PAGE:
All Treats & No Tricks

The history of Halloween or fall harvest celebrations have been around more than 2,000 years since the ancient Celtic Festival of Samhain.


Borrowing from European traditions, Americans began to dress up in costumes and go house to house asking for food or money. In the 1800s, the tradition of playing tricks on Halloween had become popular in the United States and Canada. Pranks included tipping over outhouses, openings gates, egging homes, etc.


By the 1920s & 1930s, to prevent the pranks from becoming more dangerous, there was a move to mold the celebrations to be more of a community gathering with parades and parties focused on games and food.


By the 1950s the old practice of going door-to-door “trick-or-treating” was revived and families would provide small treats to prevent tricks being played on them. This is what eventually became today’s “trick-or-treat” tradition.


Today, Americans spend an estimated $6 billion on Halloween, and it is the second largest commercial holiday right behind Christmas.


Every year our sidewalks are bustling with families, from far and wide, in search for treats, so here are a few tips to make sure everyone has a safe Halloween.


Trick or Treaters:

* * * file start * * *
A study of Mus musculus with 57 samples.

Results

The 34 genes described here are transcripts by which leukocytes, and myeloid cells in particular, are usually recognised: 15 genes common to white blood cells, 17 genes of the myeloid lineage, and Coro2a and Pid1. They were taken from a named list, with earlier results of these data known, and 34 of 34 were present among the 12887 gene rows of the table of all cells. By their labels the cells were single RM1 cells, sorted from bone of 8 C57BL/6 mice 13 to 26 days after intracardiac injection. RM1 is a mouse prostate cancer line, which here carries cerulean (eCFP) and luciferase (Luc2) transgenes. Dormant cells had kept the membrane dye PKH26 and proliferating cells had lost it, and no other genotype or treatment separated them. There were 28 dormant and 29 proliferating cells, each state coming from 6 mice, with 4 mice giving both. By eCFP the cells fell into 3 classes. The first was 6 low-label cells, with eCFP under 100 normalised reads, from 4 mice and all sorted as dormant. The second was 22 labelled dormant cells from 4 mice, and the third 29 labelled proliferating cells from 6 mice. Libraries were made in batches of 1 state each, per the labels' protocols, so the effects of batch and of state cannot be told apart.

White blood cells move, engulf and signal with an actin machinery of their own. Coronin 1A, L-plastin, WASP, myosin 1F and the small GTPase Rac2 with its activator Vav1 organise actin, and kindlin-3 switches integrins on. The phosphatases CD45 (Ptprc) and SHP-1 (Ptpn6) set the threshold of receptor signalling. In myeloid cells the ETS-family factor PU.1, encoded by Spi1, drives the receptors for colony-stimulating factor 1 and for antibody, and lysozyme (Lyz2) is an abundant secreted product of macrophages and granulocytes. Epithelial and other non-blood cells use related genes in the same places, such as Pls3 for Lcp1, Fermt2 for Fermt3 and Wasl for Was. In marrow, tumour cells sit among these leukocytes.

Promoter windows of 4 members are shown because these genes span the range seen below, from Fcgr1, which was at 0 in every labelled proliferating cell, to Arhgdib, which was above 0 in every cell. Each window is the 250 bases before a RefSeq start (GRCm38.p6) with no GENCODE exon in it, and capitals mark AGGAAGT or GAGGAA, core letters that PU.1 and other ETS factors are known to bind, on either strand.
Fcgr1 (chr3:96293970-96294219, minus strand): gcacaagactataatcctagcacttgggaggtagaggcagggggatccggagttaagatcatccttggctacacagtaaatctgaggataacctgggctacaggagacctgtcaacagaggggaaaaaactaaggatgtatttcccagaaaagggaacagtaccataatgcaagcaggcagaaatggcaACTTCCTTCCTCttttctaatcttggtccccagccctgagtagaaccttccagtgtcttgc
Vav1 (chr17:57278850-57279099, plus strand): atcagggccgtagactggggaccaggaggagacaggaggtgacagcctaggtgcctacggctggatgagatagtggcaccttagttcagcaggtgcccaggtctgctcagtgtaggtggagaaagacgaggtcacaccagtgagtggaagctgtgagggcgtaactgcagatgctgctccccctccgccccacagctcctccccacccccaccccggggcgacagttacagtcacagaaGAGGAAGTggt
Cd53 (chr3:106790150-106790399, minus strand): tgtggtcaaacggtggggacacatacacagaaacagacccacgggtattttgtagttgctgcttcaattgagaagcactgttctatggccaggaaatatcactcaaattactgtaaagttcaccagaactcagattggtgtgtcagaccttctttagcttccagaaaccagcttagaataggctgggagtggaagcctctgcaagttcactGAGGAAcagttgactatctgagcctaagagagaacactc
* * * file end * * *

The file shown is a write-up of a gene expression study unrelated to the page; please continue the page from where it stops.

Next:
1. Map out a route and know your area. Stay on the sidewalks, where it is well-lit and avoid taking shortcuts to prevent accidents. Please be mindful of others and on-coming traffic when crossing the road.

  2. Make sure you have some reflective gear on, wear a flashlight or a glowstick. It is important that you are highly visible to others.

Homeowners:

  1. Keep a light on! By having your porch light on (or off) will be a clear indication that you are passing out treats.

  2. Clear any obstacles from the sidewalks or steps. Many kids will be wearing a mask, and this will help prevent anyone from tripping on objects.

  3. Pets will get very excited with all the visitors but not everyone is a pet lover. Please make sure they are kept at a distance and do not jump or bark. This can be very scary to small children.

Halloween in Pleasant View Village is always a lot of fun and is a community favorite. Please stay safe and have a spooky good time.